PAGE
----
The Battalion

The Student News Site of Texas A&M University - College Station

The Battalion


A&M football’s offensive woes are more than just Zach Calzada


Redshirt sophomore quarterback, Zach Calzada looks down the field for an open receiver. 

Texas A&M quarterback Zach Calzada has been a scapegoat for the Aggies after crumbling against Arkansas.
Calzada is certainly not without blame as his statistics place him near the bottom of the SEC’s barrel; however, the team showing hesitance to assign blame to any single specific issue suggests there is more at play than Calzada simply not being a “good enough” quarterback.
Even after coming into the season one game late following the injury of Haynes King, Calzada has been sacked the most times of any quarterback in the SEC. Because of injuries on the team’s offensive line, two true freshmen and one redshirt freshman battled the Razorbacks’ defensive line in the trenches.
Being thrust into the role of starting quarterback on a team that narrowly missed the College Football Playoffs the year prior brings along high expectations, and while Calzada has not yet met those expectations, neither has the unit that should make his job easier, not harder.
“Calzada is a new guy. We need to play better around him,” A&M head coach Jimbo Fisher said. “We have a young line. [Calzada] needs to be an eraser and clean things up. Could he have run it more? Yes. He needs to make some better decisions and keep his head up.”
The nature of college football necessitates quick roster turnovers, and the downfall of having a successful team is that many talented players leave for the NFL. The echoes of losing four out of the five members of 2020’s “Maroon Goons” offensive line unit still ring around Aggieland.
The group’s only returning starter, junior offensive lineman Kenyon Green, played three separate positions last Saturday against Arkansas. Between injuries upfront and the turnover of talent, Green has been called upon to be a leader to varying levels of success.
“Kenyon Green’s effectiveness has probably been compromised some,” Fisher said. “It’s hard to move around like that as an offensive lineman. We’re trying to get the best guys on the field. You have to.”
Such is football. The best guys are not always on the field. For a young quarterback, having a connection with receivers is important. Against Arkansas, Calzada was missing sophomore wide receiver Chase Lane and junior wide receiver Caleb Chapman. The result of lacking a solid connection was Calzada passing the ball to the backfield for 11 of his 20 completions, totaling only 44 yards.
“I feel like our main job right now is to make sure Zach is back there comfortable,” junior wide receiver Ainias Smith said. “He should be able to know that he can get the ball to us and we’re going to be able to do something with it. When it comes to getting open, I feel like we’ve got to work harder in practice.”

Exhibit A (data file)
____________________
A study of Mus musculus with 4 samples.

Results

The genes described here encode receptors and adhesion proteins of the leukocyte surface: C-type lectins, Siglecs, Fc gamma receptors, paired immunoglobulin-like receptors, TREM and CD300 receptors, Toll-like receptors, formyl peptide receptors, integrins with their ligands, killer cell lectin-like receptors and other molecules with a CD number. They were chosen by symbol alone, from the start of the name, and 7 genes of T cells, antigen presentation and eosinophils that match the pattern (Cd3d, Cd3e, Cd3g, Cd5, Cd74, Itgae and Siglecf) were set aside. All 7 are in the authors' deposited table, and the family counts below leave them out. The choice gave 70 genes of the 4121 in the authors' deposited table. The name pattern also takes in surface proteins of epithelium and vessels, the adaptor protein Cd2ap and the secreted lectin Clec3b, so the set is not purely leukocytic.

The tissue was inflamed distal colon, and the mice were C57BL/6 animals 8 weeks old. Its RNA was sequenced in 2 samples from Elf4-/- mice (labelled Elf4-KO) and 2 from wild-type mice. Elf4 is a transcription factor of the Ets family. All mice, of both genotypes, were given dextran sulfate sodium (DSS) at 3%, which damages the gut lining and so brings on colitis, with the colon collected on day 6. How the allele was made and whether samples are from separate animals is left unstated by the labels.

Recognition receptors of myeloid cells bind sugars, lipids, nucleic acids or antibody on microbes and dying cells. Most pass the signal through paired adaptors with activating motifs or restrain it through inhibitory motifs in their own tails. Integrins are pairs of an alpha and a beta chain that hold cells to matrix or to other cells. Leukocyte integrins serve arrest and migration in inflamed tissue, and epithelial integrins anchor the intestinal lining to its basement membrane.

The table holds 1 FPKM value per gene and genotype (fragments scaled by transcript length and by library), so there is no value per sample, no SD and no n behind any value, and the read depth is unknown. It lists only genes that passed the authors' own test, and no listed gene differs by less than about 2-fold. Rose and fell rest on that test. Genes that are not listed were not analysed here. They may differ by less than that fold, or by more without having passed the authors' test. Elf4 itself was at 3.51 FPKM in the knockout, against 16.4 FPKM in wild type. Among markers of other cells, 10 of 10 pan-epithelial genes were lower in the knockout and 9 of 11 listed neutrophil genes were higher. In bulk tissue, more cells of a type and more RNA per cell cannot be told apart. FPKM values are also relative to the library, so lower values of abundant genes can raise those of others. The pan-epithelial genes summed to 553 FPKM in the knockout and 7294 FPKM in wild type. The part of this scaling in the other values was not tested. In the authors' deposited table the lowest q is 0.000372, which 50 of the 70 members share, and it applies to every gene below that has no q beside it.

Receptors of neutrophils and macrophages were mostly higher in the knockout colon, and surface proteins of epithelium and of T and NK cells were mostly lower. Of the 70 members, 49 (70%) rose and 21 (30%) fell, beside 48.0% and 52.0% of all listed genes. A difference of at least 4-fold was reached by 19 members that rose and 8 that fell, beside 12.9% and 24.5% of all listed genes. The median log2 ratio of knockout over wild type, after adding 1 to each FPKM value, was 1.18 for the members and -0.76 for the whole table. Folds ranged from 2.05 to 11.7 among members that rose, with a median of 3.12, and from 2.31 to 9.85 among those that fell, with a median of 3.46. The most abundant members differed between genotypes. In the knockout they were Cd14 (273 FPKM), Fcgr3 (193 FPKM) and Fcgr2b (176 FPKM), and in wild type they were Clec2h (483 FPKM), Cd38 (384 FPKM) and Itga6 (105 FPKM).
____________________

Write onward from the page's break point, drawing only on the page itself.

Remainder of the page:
Notably light on the game’s stat sheet was tight end Jalen Wydermyer, who only caught one pass for 18 yards. In prior games, Calzada connected with the junior eight times for 105 yards.
Wydermyer has served as the consistent option when facing pressure for both of A&M’s quarterbacks, but with his presence lacking against Arkansas, Calzada was forced to turn to the less productive dump-off passes to the running backs. Fisher said, in addition to better protection from the offensive line, Wydermyer’s connection with Calzada is critical to A&M’s success.
“We’ve called lots of balls to [Wydermyer],” Fisher said. “We’ve missed some reads here and there. He should’ve caught some balls this weekend. It’s across the board and finding a rhythm on offense.”
As Calzada currently owns the lowest completion percentage in the SEC, as well as the second-lowest quarterback rating and yards per attempt, his performance could certainly be better. However, football is a multi-faceted sport — the team’s performance around Calzada is equally to blame.
Although Fisher did not comment on practices, Smith said A&M’s offensive issues stem from a lack of intensity in game preparation.
“You always go in with the expectation that you’re going to do big things, especially with the great players that we have,” Smith said. “We just have to raise our standards — obviously higher than what they were. We have to demand those standards when it comes to practice. We’re not able to get by with the highs [and] lows that we have throughout practice.”
Now with the wake-up call of the season’s first loss out of the way, the Aggies will move on to host Mississippi State in Kyle Field on Saturday, Oct. 2. After one loss to Alabama in 2020, the Aggies built an 11-game winning streak that lasted 358 days before crumbling. Junior defensive back Demani Richardson said A&M hopes to create the same success moving forward.
“It’s just one loss at the beginning of the season,” Richardson said. “We know we have mistakes we have to clean up, so we just know we have to make it an urgency.”